The Holy Spirit is always the Spirit of connection. If we go back to the evening of Easter Sunday, we see the disciples hiding in fear behind locked doors, separated from others. Jesus comes to them and his presence breaks their disconnection from him and from all their brothers and sisters. His very presence is connection. His presence is mercy, compassion and forgiveness. And he breathes the Spirit into them enabling them to share this presence, to be this presence, to be this mercy, this reconnection with God. When the Spirit comes to us, we are really connected to God in an intimately and infinitely new way. By being flung into this great mystery of love between Jesus and the Father, we are being connected anew with all human beings in compassion and solidarity.
Pentecost is often referred to as the birthday of the church. This is because the gift of the Spirit is the foundation, the ground of the two great facets of Christian life: adoration and compassion. Because we are connected with Jesus’s own prayer to the Father, we are caught up in his loving and joyful adoration of God. That is why one of the things Christians most want to do when their faith is really coming alive, is simply to gaze into the mystery of God---to let themselves be swept over that waterfall into the depths of God’s love in contemplation. And the second thing people want to do when their faith is being enlivened is, in their own unique vocational way, to stand alongside all human beings, all their brothers and sisters, in the rich diversity of their experiences. They want to be with those who are rejoicing, or grieving, or lost, or in despair; wherever they are or however they are, to stand with them in adoration and compassion. It is the Holy Spirit who makes connections real in our lives.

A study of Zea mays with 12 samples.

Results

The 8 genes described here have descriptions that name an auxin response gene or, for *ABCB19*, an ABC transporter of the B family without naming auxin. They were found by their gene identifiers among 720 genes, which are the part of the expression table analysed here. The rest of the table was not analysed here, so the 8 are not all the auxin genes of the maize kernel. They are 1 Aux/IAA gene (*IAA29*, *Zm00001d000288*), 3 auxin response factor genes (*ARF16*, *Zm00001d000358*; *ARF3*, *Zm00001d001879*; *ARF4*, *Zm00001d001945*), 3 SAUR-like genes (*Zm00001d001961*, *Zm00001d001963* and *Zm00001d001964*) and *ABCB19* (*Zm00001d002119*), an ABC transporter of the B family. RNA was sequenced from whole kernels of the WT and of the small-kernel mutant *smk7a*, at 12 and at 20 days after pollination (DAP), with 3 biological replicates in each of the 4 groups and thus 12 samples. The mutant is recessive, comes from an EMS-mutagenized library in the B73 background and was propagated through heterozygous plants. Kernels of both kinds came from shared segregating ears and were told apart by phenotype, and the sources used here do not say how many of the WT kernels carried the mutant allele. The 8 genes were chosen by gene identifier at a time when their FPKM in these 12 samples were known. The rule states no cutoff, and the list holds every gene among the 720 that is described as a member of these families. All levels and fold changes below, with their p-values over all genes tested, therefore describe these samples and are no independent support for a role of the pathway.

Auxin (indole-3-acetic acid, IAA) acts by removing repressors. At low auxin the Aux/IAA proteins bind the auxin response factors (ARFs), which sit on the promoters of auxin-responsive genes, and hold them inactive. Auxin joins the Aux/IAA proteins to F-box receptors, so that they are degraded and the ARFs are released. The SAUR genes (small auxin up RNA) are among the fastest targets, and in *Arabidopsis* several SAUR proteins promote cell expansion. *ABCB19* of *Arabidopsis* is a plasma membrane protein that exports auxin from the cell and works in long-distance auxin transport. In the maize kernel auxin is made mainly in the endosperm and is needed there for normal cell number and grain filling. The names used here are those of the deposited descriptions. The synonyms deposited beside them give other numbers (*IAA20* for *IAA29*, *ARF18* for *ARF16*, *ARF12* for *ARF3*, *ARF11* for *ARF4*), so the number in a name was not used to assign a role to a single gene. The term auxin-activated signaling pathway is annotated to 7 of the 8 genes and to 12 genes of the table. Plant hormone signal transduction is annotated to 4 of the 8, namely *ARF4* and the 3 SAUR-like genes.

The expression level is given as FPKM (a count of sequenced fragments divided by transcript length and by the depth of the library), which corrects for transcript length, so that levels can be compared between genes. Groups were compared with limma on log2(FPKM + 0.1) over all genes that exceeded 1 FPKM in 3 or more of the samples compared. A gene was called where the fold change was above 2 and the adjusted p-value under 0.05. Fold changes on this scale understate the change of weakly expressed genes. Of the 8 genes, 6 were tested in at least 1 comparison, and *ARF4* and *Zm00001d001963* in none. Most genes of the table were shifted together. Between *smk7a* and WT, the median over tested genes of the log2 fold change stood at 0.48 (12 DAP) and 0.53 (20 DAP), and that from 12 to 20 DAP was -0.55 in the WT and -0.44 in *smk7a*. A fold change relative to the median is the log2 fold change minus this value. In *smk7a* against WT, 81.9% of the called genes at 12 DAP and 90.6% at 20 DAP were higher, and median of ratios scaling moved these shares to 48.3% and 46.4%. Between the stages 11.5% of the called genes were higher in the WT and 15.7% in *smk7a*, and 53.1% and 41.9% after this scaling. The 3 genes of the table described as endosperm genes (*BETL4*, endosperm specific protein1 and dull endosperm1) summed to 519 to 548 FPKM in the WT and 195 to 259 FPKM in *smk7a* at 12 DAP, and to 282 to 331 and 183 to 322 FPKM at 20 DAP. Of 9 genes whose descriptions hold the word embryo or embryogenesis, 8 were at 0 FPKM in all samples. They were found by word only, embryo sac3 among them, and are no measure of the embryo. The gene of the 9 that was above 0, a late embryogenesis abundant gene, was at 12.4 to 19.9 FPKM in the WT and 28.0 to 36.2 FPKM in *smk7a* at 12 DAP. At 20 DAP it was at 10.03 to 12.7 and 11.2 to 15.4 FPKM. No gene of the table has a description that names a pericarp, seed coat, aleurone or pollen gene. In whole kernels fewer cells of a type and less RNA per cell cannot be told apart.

On Pentecost we celebrate the power of God who makes connections, connecting us to God the Father through Jesus, connecting us to the world of diverse and sometimes horrific human experiences, connecting us to our deepest and truest selves, connecting us to the dispersed parts of ourselves that we may want to ignore or deny. We then become more healed as persons, as families, and as communities, and more driven to adore God the Father of our Lord Jesus Christ and to stand with all of God’s children.
Brothers Michael, Benedict and Jonah share a moment of fraternal joy. Excerpts from Abbot Damian's Homily for Pentecost Sunday.